Databases

Yahoo Releases Machine Learning Dataset for Academic Researchers

Academic researchers now have free access to a sizable new dataset for the purposes of expanding the scientific world's understanding of Web sciences. Yahoo Labs released the "Yahoo News Recommendation" dataset, which consists of data on 110 billion events, taking up 13.5 terabytes in its uncompressed format.

Already the data has been used for research on the "effects of bid-pulsing on keyword performance in search engines" and the evaluation of "automatic image annotation using human descriptions at different levels of granularity."

The information inside the dataset is completely anonymized and maintained in the Yahoo Labs Webscope data-sharing program, the company reported. It's made up of user content interactions for about 20 million users during the period from February 2015 to May 2015. The data includes title, summary and key phrases for news articles, as well as a timestamp for the local time and partial information about the device on which the user accessed the news feeds. The dataset also has categorized demographic information such as age range, gender and generalized geographic data for a subset of users. All of it derives from the news feeds of several of Yahoo's content sites: the homepage, news, sports, finance, movies and real estate.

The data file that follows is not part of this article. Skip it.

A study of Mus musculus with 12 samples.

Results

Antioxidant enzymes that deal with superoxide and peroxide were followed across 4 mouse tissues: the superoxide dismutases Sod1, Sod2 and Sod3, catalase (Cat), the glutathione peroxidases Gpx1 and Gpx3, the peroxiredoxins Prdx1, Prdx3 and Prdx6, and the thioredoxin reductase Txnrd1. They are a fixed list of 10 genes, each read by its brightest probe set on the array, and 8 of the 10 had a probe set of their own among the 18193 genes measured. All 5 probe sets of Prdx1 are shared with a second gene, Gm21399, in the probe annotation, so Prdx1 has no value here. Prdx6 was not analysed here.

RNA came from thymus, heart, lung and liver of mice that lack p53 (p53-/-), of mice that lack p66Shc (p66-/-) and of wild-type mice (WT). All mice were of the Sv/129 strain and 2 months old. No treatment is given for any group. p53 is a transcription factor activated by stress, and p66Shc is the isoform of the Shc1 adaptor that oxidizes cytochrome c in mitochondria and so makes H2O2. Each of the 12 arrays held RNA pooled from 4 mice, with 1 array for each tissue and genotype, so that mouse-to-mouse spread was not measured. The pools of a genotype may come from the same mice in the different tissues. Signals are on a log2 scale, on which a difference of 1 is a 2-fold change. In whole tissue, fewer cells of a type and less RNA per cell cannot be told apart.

To gain access to the Webscope data, the requester must be a faculty member, researcher employee or student from an accredited institution and the request must come from an .edu or university domain email address

"Our goals are to promote independent research in the fields of large-scale machine learning and recommender systems, and to help level the playing field between industrial and academic research," wrote Suju Rajan, a director of research for "personalization science" at Yahoo Labs, in a blog article about the data.

Rajan's group has used a full-scale version of the dataset to research behavior modeling, recommender systems and large-scale and distributed machine learning, among other topics.

"We hope that this data release will similarly inspire our fellow researchers, data scientists, and machine learning enthusiasts in academia, and help validate their models on an extensive, 'real-world' dataset," she added.

About the Author

Dian Schaffhauser is a senior contributing editor for 1105 Media's education publications THE Journal and Campus Technology. She can be reached at dian@dischaffhauser.com or on Twitter @schaffhauser.